20 March For Our Lives Attendees Say What They're Planning To Do With Their Lives


Many of the speeches across the cities centered on what the victims of gun violence will no longer be able to do because their lives were cut short by guns. Those victims include Hadiya Pendleton, who was shot and killed in 2013 in Chicago, days after singing as part of the celebrations around Barack Obama's second inauguration.

"We will no longer let our stories end with guns," Nza-Ari Khepra, a senior at Columbia University and Pendleton's friend, said in her speech in New York. "We must and we will go out of our way to protect children's lives, even if the people in power will not."

With that idea in mind, I spoke with 20 of the young March For Our Life demonstrators in New York City about what they want to do with their lives, provided they are given that opportunity to grow up without being killed by a gun.

Nza-Ari Khepra — Illinois

Alexandra Svokos

"I'm always still figuring it out, I revise it a lot," Khepra says, "but my future, furthest, largest goal is to create some type of cross between an organization and a business that focuses on the different portions of the systemic issues that I believe cause gun violence in Chicago, so things like failing school systems [and] institutional racism ... Once you instill that opportunity in people, maybe we can stop people from picking up guns in the first place."

Ben, 11, And Maisie, 12 — Connecticut

Alexandra Svokos

"I want to play sports. Basketball or baseball," Ben says.

Maisie, Ben's sister, said, "I would like to be a teacher, or teach in some way. Any subject really, I just enjoy helping people learn."

Riya Gupta, 17, Suzy Shailesh, 17, And Esha Jain, 18 — New Jersey


"I'm especially passionate about working with children and in schools," Shailesh says. "I like to be with kids, help them grow. I think I'm going to be majoring in computer science, so I can work in educational technology. I'm not exactly sure what I want to do yet, but I'm looking forward to it."

"I want to go into social entrepreneurship eventually," Jain says. "Right now, me and my friends have a nonprofit service club where we raise money, and we're all going to school [for] something related in that field."

Brock, 9 — New Jersey


Laurice Arthur, 12, Chyna Smith, 17, Titanna Martinez, 17, Daney Malone, 16 — New York


Smith says, "I would like to be a doctor for kids, because I like kids and I like to make them feel better, stuff like that — and enjoy life to the fullest."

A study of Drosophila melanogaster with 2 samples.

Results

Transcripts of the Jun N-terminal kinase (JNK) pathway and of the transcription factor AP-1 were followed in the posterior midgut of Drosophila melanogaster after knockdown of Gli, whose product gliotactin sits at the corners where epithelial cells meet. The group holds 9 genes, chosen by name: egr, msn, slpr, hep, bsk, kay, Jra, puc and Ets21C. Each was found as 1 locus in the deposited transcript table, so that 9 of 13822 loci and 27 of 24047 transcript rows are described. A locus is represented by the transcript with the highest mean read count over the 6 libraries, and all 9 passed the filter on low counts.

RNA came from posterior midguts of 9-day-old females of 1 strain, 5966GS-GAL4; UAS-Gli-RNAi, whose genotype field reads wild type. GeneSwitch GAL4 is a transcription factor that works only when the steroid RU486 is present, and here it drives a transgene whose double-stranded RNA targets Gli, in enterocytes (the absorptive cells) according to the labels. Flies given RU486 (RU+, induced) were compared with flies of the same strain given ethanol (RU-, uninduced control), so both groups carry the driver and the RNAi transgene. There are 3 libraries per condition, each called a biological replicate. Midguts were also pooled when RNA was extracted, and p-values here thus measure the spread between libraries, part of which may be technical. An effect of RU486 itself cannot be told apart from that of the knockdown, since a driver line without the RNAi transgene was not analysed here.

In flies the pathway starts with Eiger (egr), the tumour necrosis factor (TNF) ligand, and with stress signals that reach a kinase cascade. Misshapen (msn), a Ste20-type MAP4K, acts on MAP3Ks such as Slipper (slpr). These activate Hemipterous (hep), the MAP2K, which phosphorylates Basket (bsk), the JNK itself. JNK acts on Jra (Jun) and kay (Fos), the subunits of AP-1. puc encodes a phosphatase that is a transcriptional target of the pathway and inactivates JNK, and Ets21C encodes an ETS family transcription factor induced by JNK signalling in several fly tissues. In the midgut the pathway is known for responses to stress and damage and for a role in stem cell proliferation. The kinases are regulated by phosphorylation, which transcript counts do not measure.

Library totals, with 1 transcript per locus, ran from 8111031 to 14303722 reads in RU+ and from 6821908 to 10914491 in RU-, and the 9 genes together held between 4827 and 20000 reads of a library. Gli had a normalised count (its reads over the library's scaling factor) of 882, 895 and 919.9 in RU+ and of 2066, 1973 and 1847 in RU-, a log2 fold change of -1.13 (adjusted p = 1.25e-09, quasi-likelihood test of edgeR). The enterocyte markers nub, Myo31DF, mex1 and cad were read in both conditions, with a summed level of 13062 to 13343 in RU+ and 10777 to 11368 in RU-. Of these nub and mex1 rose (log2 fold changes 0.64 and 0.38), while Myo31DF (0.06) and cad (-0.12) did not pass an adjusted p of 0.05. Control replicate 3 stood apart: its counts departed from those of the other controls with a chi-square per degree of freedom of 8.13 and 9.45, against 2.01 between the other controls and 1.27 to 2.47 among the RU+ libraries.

"When I get older, I want to be a forensic pathologist, like a mortician," Martinez says. "I find that interesting, and I've always been inspired by people on TV that do this, and I want to do it next."

Malone, meanwhile, wants to be a computer technician when he gets older. "I like computers — a lot. I have computer programming classes in school and all that, and I just like working with computers," he says.

Lily Mugale and Lola Tung, 15 — New York


Tung, who introduced performers onstage, wants to be an actress — and to use that platform to advocate for change and gun control. "I think it's very important to use your abilities to make a change, and I really want to be able to make a change in the world and be a leader for all these kids," she says.

Meredith, 9 — Connecticut


Alexis Lawrence, 19, And Emilia Toscano, 18 — New Jersey


Toscano echoed that, saying it's great to have the hope from the march. "My goal is to give people hope that there will be change. Right now, in the present time, and also in the future," she says.

Victoria, 16, And Danielle, 16 — New York


"I want to be a high school math teacher when I get older," Danielle says. "I want things to change for when I'm a teacher, for schools to be safe since I'm going to be working in schools for the rest of my life."

Henry, 7 — New York


When asked what he wants to be when he grows up, Henry replies, "I don't know."

Megan Bonner, 16 — Parkland, Florida


"I really like animals, but sometimes I think about it, and I don't want to put animals down, because that would make me sad," she tells me backstage. "So nursing is another thing that I'm passionate about, helping people out and always being that nurse that everybody loves to see and makes you happy even though you're in a hospital. If I'm a nurse, I want to be that nurse that they're always so happy to see when they come in the room."

Bonner says that the shooting made her want to be a nurse even more. "If I was older and [the shooting] was happening, I would be there to help out, and help people. When I was in the building, all I wanted to do was help. Just to do something, anything that I could. It was hard for me. All I want to do is help," she says.